In 1895 a local newspaper published ‘Notes on Injurious Insects’. Chief among these perilous mini-beasts was the forest fly (Hippobosca equina) aka horse louse fly, side-fly, or crab-fly, a bloodsucking pest that ‘causes great annoyance to the horses in the New Forest of Hampshire’. In the months between May to October this parasitic insect preys upon the resident free-roaming New Forest ponies and any visiting horses. It has also been known to feast on Forest cattle. The forest fly measures approximately 10mm in length with a wingspan of about 8mm and is variously described as reddish brown to blackish chestnut in colour, with yellow or white spots on its abdomen. Once it has found a suitable host, unless it is disturbed and flies off, or is killed, it will basically stay put for as long as it can. The forest fly is notoriously hard to squash, due to the seemingly armour plating of its body, and must be virtually eviscerated to destroy it.
The forest fly does not store the blood it sucks from its host, which means that it must feed regularly. However, it is the manner of the fly’s sideways movement across the animal’s body that is much more upsetting to its host than its bite. These tenacious little devils cling on determinedly to their unfortunate hosts and travel, as one observer describes, by ‘making tracks under the ponies coat like a deer wandering through a field of corn’. At the end of each of its six legs are claws that resemble grappling hooks and it is with these that the fly applies a tenacious hold, as it creeps through the hairs of its unfortunate host. Its favourite place to congregate is on the horse’s perineum and, if a mare, the udders or, if a gelding, on the sheath, where there are less hairs and less chance of being dislodged. As you can imagine this can cause indescribable distress and alarm to animals not habituated to such ticklish impertinences!
As the Victorian newspaper further reported, ‘the method of attack is really irritating to the animals, and in the cases of horses unaccustomed to it, especially, is really a source of serious danger to those in charge of the infuriated victims’. Therein lies the trouble. Good-mannered horses that are otherwise sweetly behaved, trustworthy, and obedient, when at home, can suddenly turn into bucking broncos or demonic savage beasts if a forest fly lands on them when being ridden on the New Forest. I have heard tales of visiting horses being brought to the New Forest driven half mad with terror by the sensation, and normally quiet animals being rendered unrideable. Stories are even told of times past when New Forest ponies, used for transport to other areas, would inadvertently carry the flies away with them. As the flies moved onto the town animals all pandemonium would ensue, with the horses harnessed to tradesman’s vans, milk carts and drays bucking or bolting and causing widespread panic. However, the ponies born on the Forest or those turned out to roam the heaths and woods become inured to the insect and generally accept their presence with resignation, if not toleration, making them the ideal mounts or driven animals for people regularly using the New Forest.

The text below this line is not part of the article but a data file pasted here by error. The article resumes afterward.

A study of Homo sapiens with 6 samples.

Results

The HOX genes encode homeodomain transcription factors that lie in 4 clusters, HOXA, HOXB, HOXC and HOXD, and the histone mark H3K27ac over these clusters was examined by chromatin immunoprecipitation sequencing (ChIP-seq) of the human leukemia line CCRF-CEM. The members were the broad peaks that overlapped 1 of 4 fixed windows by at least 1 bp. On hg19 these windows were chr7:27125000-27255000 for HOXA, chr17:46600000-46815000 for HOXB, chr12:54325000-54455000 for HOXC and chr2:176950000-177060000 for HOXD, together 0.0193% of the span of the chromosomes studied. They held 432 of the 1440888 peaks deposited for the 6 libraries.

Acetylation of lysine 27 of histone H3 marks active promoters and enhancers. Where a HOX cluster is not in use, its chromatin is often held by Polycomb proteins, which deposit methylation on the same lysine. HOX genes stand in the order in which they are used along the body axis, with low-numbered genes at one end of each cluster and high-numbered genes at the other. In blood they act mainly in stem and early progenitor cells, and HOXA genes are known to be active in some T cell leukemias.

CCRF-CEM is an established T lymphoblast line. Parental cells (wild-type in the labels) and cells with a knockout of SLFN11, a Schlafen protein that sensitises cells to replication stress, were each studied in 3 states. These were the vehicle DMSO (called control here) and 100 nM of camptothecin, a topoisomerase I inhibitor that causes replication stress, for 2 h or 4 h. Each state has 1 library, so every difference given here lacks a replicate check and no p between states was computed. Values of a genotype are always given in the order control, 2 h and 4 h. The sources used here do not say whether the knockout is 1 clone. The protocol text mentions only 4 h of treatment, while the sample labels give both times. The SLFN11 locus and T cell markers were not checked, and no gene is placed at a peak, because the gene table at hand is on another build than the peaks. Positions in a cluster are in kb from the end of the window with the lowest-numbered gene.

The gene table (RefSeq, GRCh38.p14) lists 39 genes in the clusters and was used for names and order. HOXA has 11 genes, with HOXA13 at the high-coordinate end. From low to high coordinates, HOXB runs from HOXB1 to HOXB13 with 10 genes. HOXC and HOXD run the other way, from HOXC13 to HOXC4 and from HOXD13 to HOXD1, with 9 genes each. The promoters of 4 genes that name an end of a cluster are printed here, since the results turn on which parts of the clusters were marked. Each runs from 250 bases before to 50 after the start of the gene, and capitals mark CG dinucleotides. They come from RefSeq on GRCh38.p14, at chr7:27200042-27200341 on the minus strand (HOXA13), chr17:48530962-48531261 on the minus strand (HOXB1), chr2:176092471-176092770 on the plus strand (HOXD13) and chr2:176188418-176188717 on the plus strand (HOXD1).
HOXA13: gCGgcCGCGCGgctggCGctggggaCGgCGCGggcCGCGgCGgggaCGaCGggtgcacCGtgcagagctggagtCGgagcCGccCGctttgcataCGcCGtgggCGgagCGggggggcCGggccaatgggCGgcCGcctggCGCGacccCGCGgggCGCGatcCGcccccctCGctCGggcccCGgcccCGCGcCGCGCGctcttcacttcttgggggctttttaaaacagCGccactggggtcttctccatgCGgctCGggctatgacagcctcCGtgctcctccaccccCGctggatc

Treatments and stratagems
George Samouelle, the celebrated nineteenth century entomologist, writing about Hippobosca equina in 1819 declared, “In the New Forest of Hampshire they abound in the most astonishing degree. I have obtained from the flanks of one horse six handfuls, which consisted of upwards of 100 specimens.” The good news is, however, that the forest fly is found only in the New Forest and, though it may land on you, humans are not generally on its dinner menu. (Naughty Forest boys were said to collect them to put the clinging-critters in girls’ hair as a prank.) For centuries people have been trying to find protection against this dreaded insect and there are some recommended strategies for reducing the risks of forest fly attacks on horses or ponies but none are 100% guaranteed effective. In 1844, one such treatment involved taking ‘mineral earth 8 oz., and of lard 1 lb., and make them into a salve. Some of this salve is to be spread on here and there upon the hair, and worked in with a wisp of straw. After 24 hours the salve is to be washed off with warm water, in which brown soap has been dissolved.’ Unfortunately, there is no follow-up to confirm the efficacy of this concoction.
Towards the end of the nineteenth century and the beginning of the twentieth century chemicals were being employed whereby….’horses may be protected for a few hours by rubbing a paraffin rag over them, a very advisable thing to do in the New Forest, for a horse fresh in the locality when being driven, for pro tem. this undoubtedly keeps off those pertinacious and annoying Forest Flies.' Modern day approaches also include the use of chemical spray repellents that are much more suitable as topical treatments; fly-rugs, and the liberal application of ointments, such as Vaseline or Sudocrem, on the areas of the horse where the flies congregate are also used. The flies are most active in the middle of the day and so early morning or early evening rides across the Forest are the best times to avoid these tenacious little critters. Combining stratagems may go some way to reducing the risk of experiencing a forest fly attack and a possible impromptu rodeo too!
 The Hampshire Advertiser (Southampton, England), Wednesday, May 29, 1895; pg. 4; Issue 5109. 19th Century British Library Newspapers: Part II.
 Georges Samouelle, The Entomologist’s Useful Compendium: Or, an Introduction to the Knowledge of British Insects (London, 1819), pp. 302-303
 Henry Stephens, The Book of the Farm, Vol. 3: Summer & Autumn, British and Irish History, 1844 (Cambridge, 2010), pp. 855-856.
 Frederick Vincent Theobald, Reports on Economic Zoology for the Year Ending 1902 (Kent, 1902), p. 147.
#1: Forest fly (Hippobosca equina) dated 1793.
#2: Forest fly (Hippobosca equina) close-up.